The scars of Libya: survivors speak of torture and trafficking

The scars of Libya: survivors speak of torture and trafficking

  • Published on
    May 3, 2022
    Human Trafficking, Survivor Stories

Eladj is one of the thousands who try to escape torture and abuse in Libya each year via the Mediterranean Sea. He has been rescued by the Geo Barents ship, run by Doctors Without Borders (MSF).  

From interviews with survivors and personnel aboard the ship, AFP sheds light on the suffering inflicted on refugees and migrants in Libya.   

Tied up and electrocuted 

John, 25, fled his home country of Eritrea in 2018. He crossed Ethiopia and Sudan before finally making it to Al Kufra in south-east Libya.  

In Al Kufra, he was abducted and sold to a criminal network which then eventually sold him to a second trafficking ring. “I was tied up, beaten, electrocuted,” he told AFP.  

After escaping, he attempted to cross the Mediterranean in a dinghy from which he was rescued. While receiving medical attention on the Geo Barents in April, he told AFP that in Libya, “there is no government […] no laws.” 

John admitted that he knew the risks when he left Eritrea but went regardless. “We know it’s dangerous. But we want to join Italy,” he said. 

Doctors report physical and psychological signs of abuse 

Over 31,000 people attempted the sea crossing from Libya to Italy last year, according to the U.N. Many of them will have faced extreme forms of abuse while in Libya, including torture, sexual violence and forced labor.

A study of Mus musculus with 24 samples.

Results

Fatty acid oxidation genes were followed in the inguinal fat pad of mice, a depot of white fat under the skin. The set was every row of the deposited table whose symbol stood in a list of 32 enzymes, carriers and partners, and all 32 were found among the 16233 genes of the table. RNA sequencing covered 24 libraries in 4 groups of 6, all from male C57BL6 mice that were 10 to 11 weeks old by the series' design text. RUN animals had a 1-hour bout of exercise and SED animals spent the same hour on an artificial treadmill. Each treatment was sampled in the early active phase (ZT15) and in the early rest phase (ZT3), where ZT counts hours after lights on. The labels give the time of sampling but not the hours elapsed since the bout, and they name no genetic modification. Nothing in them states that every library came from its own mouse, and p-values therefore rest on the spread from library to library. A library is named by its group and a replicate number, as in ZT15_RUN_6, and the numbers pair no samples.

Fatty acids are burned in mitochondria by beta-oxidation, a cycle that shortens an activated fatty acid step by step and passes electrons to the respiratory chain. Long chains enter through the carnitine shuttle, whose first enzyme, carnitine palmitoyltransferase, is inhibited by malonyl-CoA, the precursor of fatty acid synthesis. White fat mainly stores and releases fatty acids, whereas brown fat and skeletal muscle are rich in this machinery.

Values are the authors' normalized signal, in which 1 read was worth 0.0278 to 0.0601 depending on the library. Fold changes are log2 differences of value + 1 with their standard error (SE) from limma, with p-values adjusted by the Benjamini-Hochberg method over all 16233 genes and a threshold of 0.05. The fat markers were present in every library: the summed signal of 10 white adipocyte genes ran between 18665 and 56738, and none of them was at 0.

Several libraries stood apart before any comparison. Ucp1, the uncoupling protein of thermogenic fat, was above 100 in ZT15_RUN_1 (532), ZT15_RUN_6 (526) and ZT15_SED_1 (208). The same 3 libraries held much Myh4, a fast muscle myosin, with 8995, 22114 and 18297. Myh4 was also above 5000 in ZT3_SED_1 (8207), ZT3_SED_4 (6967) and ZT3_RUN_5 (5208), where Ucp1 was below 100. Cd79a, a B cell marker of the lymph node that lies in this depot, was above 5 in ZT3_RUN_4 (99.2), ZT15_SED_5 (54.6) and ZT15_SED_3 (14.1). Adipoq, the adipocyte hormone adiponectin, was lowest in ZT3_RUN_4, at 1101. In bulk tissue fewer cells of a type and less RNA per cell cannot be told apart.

Some are rescued in international or Italian waters by NGO ships, like Geo Barents, where they receive medical assistance while they wait to be transferred to Italy. 

Many of the people rescued by the Geo Barents carry with them the signs of the trauma they have endured in Libya. “We commonly see bullet wounds, burns, evidence of electrocution, lots of beatings,” MSF doctor Mohammed Fadlalla told AFP. 

Survivors also present symptoms of psychological distress on the boat: “Fear, difficulty sleeping, flashbacks, anxiety, depression,” says Fadlalla.  

Tell the E.U. to stop bolstering this abusive system 

The European Union is deeply complicit in the crimes against migrants and refugees in Libya. Around half a billion dollars from the E.U.’s Emergency Trust Fund for Africa has been channelled into Libya for so-called migration management. Moreover, the E.U. and its member states have gone to great lengths to strengthen the capacity of the Libyan Coast Guard to intercept and return people fleeing the country via sea.  

The Freedom United community, together with survivors and other civil society groups, are calling for an end to the E.U.’s complicity in this torturous system. Join us today by signing this petition.